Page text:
Portland, ME: Getting My Ramen Fix at Pai Men Miyake
Ever since the charter issue of Lucky Peach hit newsstands, I've been making myself a promise: This is the weekend I'm going to make ramen.
Unfortunately, I've been saying that for months now, but not because my noodle soup craving has subsided. Not in the least. It's just that this place, Masa Miyake's noodle shop called Pai Men Miyake, has been feeding me so well that procrastination has become a delicious habit.
It doesn't help that, in addition to a variety of ramens, they offer snacks like gyoza and pork belly buns. The pork and cabbage potstickers ($6) are light and delicate, not dense like the meatball marbles that tumble out of most dumpling wrappers, with an impressively crisp mahogany sear. And just look at those pleats! Tidier than a dressmaker could do.
Of the two styles of pork buns to choose from, I can't pull myself away from the mantou buns ($9) propped open like Pac-Man faces around thick slabs of pork belly, spicy-sweet gochujang mayo, and pickled pepper relish. (The other style, called Nikuman, look like Chinese bao and are filled with ground pork belly.) The fatty meat is so silky and tender, you almost wonder how it doesn't collapse as soon as you pick it up, but there's a good sear on the outside that creates a crisp crust sturdy enough to keep the thing blessedly intact from plate to mouth.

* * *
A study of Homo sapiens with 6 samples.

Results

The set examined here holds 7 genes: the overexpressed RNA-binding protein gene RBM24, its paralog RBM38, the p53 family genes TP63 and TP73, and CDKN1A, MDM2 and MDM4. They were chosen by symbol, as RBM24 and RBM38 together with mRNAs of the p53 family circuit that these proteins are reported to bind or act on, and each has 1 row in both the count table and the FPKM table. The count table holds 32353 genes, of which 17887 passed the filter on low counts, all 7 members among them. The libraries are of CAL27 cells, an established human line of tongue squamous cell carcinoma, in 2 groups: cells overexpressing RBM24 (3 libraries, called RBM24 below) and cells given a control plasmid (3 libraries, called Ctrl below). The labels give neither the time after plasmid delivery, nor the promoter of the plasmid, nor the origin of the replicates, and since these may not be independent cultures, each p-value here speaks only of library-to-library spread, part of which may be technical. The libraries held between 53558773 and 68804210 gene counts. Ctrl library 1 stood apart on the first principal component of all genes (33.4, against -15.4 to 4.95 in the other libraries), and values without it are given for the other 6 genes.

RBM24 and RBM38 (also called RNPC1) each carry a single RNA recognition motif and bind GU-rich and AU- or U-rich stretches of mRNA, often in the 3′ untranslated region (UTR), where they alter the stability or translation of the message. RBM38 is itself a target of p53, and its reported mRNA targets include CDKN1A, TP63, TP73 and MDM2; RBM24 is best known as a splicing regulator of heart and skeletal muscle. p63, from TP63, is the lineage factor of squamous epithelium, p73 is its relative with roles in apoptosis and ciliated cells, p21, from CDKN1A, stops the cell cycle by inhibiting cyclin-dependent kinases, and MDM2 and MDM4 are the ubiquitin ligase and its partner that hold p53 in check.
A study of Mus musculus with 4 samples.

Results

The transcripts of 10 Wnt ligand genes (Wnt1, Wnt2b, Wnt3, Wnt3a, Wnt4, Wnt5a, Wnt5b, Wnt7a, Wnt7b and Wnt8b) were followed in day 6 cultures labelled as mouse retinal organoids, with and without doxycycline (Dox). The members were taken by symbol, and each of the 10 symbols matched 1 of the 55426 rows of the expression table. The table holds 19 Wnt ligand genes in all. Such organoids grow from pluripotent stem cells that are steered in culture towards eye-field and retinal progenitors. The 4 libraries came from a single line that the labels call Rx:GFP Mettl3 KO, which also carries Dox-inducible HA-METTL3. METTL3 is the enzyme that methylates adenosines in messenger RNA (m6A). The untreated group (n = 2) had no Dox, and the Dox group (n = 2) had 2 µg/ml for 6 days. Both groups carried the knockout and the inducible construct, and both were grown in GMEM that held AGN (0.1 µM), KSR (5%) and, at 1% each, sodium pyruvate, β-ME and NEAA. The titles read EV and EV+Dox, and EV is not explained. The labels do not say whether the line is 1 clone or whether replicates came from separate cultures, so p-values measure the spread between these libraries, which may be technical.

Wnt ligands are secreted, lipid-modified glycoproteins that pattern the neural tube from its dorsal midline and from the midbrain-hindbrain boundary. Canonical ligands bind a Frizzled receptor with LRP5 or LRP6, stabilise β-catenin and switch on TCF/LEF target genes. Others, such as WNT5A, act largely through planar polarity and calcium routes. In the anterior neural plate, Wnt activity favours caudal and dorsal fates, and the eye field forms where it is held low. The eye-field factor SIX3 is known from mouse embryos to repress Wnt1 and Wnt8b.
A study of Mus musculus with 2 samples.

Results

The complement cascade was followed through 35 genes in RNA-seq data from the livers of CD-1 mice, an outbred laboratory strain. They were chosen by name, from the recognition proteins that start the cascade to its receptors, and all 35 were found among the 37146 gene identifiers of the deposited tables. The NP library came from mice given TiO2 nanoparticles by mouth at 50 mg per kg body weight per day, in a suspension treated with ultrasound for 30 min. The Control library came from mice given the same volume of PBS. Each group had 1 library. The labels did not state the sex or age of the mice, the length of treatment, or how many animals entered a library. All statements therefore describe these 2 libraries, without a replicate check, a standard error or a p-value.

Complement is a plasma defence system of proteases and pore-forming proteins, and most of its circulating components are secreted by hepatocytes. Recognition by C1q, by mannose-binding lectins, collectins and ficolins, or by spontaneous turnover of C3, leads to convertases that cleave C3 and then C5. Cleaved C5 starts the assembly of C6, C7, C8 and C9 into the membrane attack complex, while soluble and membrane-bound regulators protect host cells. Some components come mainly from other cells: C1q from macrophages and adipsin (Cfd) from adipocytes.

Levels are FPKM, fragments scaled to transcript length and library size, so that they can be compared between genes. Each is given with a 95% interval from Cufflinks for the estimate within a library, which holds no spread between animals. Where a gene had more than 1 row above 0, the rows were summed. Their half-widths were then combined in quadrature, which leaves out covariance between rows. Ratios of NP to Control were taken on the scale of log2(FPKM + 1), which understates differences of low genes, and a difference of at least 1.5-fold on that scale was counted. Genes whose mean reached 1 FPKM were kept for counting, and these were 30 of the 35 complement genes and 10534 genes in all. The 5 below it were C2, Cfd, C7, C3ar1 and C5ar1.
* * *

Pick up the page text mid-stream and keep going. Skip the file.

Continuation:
Before I disclose my preferred ramen broth (all $9.50), I'd like to say that I have an irrational self-consciousness about my choice. For some reason, I have it in my head that ultra-porky tonkotsu broth is what "real" ramen lovers go for. Maybe it's because my first introduction to ramen was Top Ramen's Oodles of Noodles and my second was Wagamama—and I loved them both; there, I said it—but when I saw there was an option for pai tan (pork and chicken) broth, I thought maybe that might be for me, and I was right. Don't misunderstand what I'm saying: I'm making a comparative statement about ramen broths, and I would never think twice about slurping down a bowl of tonkotsu. All I'm saying is that sometimes its gamey melted butter flavor can be, well, like gamey melted butter. Cutting the pork with chicken broth makes the whole thing a little cleaner-tasting, and I like that. Besides, do you see the gorgeous streaks of fat in that slice of pork? There's no shortage of pig love here.
I also have a confession to make regarding the noodles: I understand that some broths are meant to take the straight noodles and others the wavy ones, but I'm addicted to the springy wavy kind, so I always ask for those, not to mention the kaedama noodle refill ($2.50). I wish more noodle soups came with an extra-noodles option.
Pai men Miyake
About the author: Liz Bomze lives in Brookline, MA, and works as the Associate Features Editor for Cook's Illustrated Magazine. In her free time, she freelances regularly for the Boston Globe, Boston Magazine, the Improper Bostonian, and Martha's Vineyard Magazine; practices bread-baking and canning; takes photos; reads; and watches baseball. Top 5 foods: fresh noodles, gravlax, sour cherry pie, burrata, ma po tofu.